RM Sotheby's Arizona livestream - watch it here
Break in the new year by feasting your eyes and wallets on the desirable metal coming up for sale in Arizona
Auction season is upon us and has kicked off in fine style at the RM Sotheby’s Arizona 2018 sale, held from the 18-19 January.
Some absolutely spectacular vehicles are crossing the auction block in Phoenix, and while we’d suggest heading to the full auction preview page to view the full list, we’ve selected a few from the lot list that we found particularly interesting – from one of the auction’s stars, a Shelby GT350 R, to some of the 80s’ and 90s’ tastiest supercars and… a boat. It is a pretty nice boat, to be fair.
1965 Shelby GT350 R
If all goes as expected, this genuine Shelby GT350 R race car will cross the one-million-dollar barrier in Arizona, and could hit as much as $1.2m. Eligible for various historic racing events, chassis 5R213 is said to produce up to 350bhp yet weighs less than a production model at a scant 1157kg – good for 0-60mph in 5.5sec. Originally toured through 12 US cities as part of a promotional “Cobra Caravan”, 5R213 then went to Peru, and was later reimported to the US via a pair of Arkansas collectors.
1992 Ferrari 512 TR
The 512 TR’s lines are just getting better with age, but have they ever looked sharper than they do with this black-over-maroon example, expected to fetch $220,000-$250,000? It’s covered 10,000 miles from new and apparently features a range of small tweaks to make it easier to live with in the modern day, from an alarm system that’ll let you roll up the windows remotely to a 2000-watt sound system – all changes the seller suggests can be reversed, if necessary.
1990 Riva Ferrari 32
Not so much evo as seavo, Riva’s high-profile tie-up with Ferrari turned out this spectacular Testarossa-inspired speedboat, powered by a pair of 390-horsepower, eight-litre V8 marine engines, good for 54 knots, or 62mph. Offered without reserve, it’s expected to make $125,000-$175,000 at the auction, which doesn’t actually seem that bad…
1974 BMW 2002 Turbo
2002 Turbos are rapidly increasing in both appeal and value, with the Arizona example expected to make $110,000-$140,000 when it crosses the block with no reserve. The reverse-text graphics and boxy profile have already seared themselves into your mind’s eye, and with a recent full restoration the 170-horse engine should be feeling as strong as ever.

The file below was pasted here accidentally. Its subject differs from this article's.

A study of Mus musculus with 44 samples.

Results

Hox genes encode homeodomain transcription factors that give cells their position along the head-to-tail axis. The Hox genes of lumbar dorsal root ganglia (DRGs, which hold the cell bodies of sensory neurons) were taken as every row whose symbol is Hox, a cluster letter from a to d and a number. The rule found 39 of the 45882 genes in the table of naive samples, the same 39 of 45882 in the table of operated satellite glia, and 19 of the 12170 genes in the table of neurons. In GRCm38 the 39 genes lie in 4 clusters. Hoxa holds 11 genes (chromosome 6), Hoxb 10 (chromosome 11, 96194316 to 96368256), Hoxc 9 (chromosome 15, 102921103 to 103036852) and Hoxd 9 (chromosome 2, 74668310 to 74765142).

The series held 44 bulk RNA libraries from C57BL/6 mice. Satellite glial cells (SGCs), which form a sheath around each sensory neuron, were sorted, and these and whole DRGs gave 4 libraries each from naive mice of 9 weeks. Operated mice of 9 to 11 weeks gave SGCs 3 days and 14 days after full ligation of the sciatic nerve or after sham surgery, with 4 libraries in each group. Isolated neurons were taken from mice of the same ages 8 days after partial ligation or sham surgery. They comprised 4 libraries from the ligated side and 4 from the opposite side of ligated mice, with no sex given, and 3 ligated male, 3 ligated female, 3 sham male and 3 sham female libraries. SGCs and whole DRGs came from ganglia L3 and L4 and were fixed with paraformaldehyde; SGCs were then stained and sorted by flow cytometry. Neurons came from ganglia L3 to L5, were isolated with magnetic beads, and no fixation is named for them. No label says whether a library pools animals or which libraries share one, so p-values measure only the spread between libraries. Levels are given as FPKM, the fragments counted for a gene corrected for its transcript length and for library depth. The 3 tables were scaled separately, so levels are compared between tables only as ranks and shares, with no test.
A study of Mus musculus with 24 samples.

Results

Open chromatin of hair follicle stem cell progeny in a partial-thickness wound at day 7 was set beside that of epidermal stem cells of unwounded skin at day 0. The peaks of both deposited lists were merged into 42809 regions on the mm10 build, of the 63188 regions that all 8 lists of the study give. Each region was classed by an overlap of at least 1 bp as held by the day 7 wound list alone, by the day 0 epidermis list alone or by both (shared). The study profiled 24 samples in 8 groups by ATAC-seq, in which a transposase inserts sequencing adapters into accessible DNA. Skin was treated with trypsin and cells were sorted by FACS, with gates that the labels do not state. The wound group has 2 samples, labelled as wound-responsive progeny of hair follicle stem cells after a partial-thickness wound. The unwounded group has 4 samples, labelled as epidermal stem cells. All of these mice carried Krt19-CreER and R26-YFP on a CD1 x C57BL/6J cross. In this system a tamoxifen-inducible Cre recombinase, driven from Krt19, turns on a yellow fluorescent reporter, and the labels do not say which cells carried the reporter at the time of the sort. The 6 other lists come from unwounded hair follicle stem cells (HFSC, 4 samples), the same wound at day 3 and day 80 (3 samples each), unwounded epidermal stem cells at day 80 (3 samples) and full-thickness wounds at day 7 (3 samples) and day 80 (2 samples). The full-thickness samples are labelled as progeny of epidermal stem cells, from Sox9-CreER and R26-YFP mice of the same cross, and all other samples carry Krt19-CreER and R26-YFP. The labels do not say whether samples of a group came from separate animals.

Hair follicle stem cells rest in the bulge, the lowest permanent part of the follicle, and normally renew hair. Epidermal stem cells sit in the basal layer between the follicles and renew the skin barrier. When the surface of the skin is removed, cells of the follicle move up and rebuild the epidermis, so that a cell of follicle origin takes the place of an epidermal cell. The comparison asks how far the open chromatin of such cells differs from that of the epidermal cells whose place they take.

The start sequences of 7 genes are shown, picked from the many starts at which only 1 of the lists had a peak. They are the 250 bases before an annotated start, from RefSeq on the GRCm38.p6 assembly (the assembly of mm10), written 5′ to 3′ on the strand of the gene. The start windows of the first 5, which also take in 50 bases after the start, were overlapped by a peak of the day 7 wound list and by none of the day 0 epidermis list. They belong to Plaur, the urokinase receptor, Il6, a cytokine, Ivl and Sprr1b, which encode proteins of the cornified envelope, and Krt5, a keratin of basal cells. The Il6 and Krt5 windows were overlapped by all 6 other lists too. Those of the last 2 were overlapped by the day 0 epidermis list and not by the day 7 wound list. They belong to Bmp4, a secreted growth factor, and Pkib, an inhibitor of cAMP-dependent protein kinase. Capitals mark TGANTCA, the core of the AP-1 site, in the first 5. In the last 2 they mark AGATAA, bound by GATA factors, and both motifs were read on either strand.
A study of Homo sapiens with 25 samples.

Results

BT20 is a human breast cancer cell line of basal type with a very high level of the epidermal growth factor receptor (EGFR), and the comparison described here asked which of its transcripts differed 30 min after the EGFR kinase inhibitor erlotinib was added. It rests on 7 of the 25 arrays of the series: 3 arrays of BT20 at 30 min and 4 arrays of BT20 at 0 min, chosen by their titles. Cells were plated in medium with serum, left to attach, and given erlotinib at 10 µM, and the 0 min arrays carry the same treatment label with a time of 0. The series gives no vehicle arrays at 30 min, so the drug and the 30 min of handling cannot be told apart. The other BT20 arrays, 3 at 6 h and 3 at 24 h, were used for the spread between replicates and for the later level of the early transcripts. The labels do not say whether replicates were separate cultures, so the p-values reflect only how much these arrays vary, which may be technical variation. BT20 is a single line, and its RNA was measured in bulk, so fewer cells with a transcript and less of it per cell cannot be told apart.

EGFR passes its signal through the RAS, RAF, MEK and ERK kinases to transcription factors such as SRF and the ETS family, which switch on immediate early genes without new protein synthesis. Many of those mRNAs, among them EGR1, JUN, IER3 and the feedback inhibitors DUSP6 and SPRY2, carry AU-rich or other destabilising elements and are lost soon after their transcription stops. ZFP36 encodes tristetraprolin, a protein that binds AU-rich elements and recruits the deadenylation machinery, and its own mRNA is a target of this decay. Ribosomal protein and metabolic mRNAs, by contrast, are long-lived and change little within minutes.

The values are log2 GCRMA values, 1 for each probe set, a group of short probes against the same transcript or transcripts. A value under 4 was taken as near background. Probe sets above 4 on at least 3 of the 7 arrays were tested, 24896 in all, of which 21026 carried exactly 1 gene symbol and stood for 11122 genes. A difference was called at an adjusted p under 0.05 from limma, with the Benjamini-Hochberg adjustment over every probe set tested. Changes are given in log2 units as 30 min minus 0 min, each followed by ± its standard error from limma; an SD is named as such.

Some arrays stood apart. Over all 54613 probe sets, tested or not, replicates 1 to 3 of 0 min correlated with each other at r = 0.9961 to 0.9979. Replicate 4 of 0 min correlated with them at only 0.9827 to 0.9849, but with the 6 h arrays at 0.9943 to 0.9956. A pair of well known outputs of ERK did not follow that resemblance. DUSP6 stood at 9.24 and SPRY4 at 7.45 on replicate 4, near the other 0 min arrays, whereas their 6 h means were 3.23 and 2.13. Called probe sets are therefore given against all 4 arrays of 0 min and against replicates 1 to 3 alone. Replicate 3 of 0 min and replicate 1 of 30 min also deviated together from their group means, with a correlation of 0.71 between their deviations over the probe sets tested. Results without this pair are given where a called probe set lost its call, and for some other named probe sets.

1993 Bugatti EB110 GT
Both the Veyron and Chiron are deeply impressive cars, but the rose tint of nostalgia makes the EB110 cooler – and with an estimate of $750,000-$950,000, it’s currently more affordable, though such matters are of course relative. Likewise, a 213mph top speed might lag behind the later hypercars, but could still be considered fairly brisk by anyone else’s standards. Condition-wise, this EB110 benefits from a full service in October 2017 and has covered fewer than 3000 miles from new.
2017 Ferrari F12tdf
Our newest pick, this F12tdf gets a pass partly because it’s a remarkable car and among the most exciting vehicles on the road, and partly because of its stunning Azzurro La Plata livery, the work of Ferrari’s own Atelier and Tailor Made programs at the factory in Maranello. The first buyer apparently spent $39,000 on carbonfibre options alone and a further $46,673 on “other options”, though if it sells for the $1.2m-$1.4m expected, they’ve undoubtedly done fairly well from their original purchase.
1967 Toyota 2000GT
One of the most beautiful cars ever to come out of Japan, and among the most beautiful cars full stop, 2000GTs are quickly becoming accepted as top-tier classics, and pricing is quickly rising to match. This one, presented in an unusual shade called Bellatrix Yellow (one of only six painted that colour), is expected to make $600,000-$700,000 and is offered with no reserve. Improvements over standard include a custom cooling system and upgraded electric brake booster.
2001 Lamborghini Diablo VT 6.0
By the time this Diablo was hitting the streets the original Murcielago was just around the corner, but time has been kind to the Diablo’s shape and painted in Arancia Atlas it’s every bit as dramatic as the Lamborghinis that followed. Being a late car, it also benefits from detail changes – the faired-in headlights are one – and this one has also enjoyed some actual use by its previous keepers with 12,000 miles showing on the clock. It could make $275,000-$325,000.
1987 Porsche 959 Komfort
959s have become a common appearance at auctions in recent years, pulled along on the general upswing in classic car prices but appreciated for their usable nature. With 8900 miles the Komfort-spec car being sold in Arizona hasn’t been enjoyed as much as some, but the $1m-$1.25m estimate certainly puts it in the ballpark pricing-wise. The silver-over-grey colour scheme suits it down to the ground and the last keeper has owned it for the past 16 years.